Motion blur in Final Cut Pro X – via Motion

This week on MacBreak Studio

This week on MacBreak Studio, I show Steve Martin from Ripple Training how you can create realistic motion blur right inside of Final Cut Pro X – thanks to my favorite go-to application, Motion.

Moving objects shot with a video camera using a fairly low shutter speed (or high shutter angle) will looked blurred, particular on the edges. The faster the movement of the object (or the camera) and the lower the shutter speed, the greater the amount of motion blur.

However, when you create an animation in Final Cut Pro X, perhaps by using one of the text animation presets, or by animating an object on a transparent background to move with keyframes, you won’t see any motion blur at all. And don’t bother digging around in the menus or preferences for a motion blur setting – you won’t find one.

Motion, on the other hand, being a dedicated motion graphics application, does have a motion blur feature that can be enabled and adjusted. Now, here’s the cool part: you can get that motion blur in Motion into Final Cut Pro simply by publishing a motion project that has motion blur enabled!

To do so, I’d recommend using a a Motion Title project, since Title effects can easily be placed over the top of video clips in Final Cut Pro X as connected clips, and trimmed to the exact duration you want. Motion Effects, on the other hand, are applied directly to clips, making them a little more cumbersome to manipulate.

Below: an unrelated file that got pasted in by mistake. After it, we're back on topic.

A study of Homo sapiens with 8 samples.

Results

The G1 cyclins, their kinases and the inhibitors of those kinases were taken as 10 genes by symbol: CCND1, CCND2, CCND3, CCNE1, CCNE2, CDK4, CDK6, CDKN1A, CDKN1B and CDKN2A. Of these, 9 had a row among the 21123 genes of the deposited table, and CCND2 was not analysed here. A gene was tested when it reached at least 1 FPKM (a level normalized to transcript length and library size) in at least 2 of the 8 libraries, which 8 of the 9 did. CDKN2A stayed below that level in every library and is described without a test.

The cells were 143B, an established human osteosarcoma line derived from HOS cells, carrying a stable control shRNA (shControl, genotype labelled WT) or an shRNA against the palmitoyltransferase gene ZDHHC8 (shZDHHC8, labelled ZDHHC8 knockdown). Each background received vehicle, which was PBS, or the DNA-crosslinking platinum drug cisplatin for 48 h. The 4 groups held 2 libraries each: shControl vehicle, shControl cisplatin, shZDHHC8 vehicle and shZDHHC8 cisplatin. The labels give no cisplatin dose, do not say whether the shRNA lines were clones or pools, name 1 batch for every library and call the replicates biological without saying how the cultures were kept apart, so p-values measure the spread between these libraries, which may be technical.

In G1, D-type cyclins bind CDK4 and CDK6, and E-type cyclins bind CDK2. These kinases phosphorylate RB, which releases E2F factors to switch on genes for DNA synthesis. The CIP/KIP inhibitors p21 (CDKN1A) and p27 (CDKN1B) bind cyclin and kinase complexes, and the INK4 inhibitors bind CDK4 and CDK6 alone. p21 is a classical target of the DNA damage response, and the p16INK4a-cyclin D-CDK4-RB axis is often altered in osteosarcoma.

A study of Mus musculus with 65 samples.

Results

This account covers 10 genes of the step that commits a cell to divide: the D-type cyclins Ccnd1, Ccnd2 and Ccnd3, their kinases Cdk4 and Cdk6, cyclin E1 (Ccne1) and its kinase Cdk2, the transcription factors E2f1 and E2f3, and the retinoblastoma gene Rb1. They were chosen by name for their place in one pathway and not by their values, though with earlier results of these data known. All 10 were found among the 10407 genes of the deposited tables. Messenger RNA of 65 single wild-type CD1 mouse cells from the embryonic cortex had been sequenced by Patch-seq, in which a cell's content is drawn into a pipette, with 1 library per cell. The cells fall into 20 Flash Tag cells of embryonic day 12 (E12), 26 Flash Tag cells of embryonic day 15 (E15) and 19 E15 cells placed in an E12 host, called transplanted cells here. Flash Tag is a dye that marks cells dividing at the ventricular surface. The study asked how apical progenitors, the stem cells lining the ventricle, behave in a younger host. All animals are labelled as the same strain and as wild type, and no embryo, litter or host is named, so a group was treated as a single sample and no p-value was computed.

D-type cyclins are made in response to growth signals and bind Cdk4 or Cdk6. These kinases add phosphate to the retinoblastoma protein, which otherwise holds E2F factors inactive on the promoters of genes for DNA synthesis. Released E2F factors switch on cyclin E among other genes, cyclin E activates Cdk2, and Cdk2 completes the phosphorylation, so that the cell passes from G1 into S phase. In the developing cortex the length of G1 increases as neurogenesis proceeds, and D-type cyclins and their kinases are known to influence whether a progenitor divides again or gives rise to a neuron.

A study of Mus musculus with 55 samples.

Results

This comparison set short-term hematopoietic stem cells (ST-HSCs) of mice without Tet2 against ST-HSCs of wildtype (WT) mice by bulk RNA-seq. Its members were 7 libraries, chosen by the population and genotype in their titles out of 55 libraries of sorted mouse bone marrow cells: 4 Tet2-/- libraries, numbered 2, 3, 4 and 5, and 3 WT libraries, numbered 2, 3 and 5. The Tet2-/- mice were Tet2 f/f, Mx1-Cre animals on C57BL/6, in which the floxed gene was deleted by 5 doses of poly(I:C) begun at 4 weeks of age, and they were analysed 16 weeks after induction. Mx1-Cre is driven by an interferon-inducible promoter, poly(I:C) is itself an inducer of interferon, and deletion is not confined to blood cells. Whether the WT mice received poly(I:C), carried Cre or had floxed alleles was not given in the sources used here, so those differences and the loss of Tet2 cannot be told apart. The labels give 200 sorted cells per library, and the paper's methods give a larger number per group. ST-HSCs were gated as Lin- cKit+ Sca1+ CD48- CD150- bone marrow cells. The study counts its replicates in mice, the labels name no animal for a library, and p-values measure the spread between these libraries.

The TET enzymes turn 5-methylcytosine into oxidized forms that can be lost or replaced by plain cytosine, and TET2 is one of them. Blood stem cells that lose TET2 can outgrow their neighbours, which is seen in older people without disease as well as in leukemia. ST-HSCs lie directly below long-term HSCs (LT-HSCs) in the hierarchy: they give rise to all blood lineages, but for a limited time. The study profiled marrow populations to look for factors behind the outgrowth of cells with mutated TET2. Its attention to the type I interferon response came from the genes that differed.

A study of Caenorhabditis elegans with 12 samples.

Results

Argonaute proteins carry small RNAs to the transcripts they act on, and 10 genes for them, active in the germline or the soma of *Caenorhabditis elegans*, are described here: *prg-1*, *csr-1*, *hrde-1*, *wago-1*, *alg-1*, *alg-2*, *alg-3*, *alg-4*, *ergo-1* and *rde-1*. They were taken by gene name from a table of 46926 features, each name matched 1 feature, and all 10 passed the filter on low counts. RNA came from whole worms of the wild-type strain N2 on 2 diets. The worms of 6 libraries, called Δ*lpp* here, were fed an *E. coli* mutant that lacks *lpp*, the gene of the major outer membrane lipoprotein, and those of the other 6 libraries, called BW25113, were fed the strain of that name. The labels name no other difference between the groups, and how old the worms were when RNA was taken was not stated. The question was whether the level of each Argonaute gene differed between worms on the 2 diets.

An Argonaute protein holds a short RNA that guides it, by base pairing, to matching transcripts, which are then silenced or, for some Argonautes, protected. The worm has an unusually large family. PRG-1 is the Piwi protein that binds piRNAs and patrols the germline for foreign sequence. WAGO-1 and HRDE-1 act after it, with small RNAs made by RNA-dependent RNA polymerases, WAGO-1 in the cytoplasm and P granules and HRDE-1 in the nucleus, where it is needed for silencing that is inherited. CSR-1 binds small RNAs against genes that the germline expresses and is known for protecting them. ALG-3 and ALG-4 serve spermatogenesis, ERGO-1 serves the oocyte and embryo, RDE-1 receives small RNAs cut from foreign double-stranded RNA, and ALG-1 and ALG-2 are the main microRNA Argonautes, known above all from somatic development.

So fire up Motion, select a Title project (resolution and frame rate aren’t important but I’d use a 1080p30 setting), and then disable or delete the text layer. Next, enable motion blur under the Render pop-up menu. If you want to change the default motion blur settings, select the Project in the Layers list, go to the Properties Inspector, and set the Samples and Shutter Angle as you like. And no, unfortunately you can’t publish these parameters so if you want different options in FCP X, you’ll need to publish a separate template for each setting.

Finally (and this is very important), add a Loop End marker to the end of the project. Doing so will ensure that the motion blur sampling does not change when you trim the duration of the title in FCP X.

That’s it! Publish the template, go to Final Cut, to the Titles browser, and connect it to the clip(s) you want affected by motion blur. Note this only works on animation where there is transparency (an alpha channel) as the blur is calculated based on the edges. It won’t add motion blur to your footage. All the details in the video above.

If you find this information useful, check our our Warp Speed Effects tutorial.



Mark Spencer is a freelance producer, videographer, editor, trainer and writer based in the Bay Area. He produces Final Cut Pro X-related training and plugins for with his partners at Ripple Training. He is an Apple-certified Master Trainer, and consults for corporations and individuals. He is the author or co-author of a half-dozen books on motion graphics and editing from Peachpit Press and writes for ProVideo Coalition. He maintains www.applemotion.net, a resource for Motion. Mark has an MBA from the Wharton School of the University of Pennsylvania.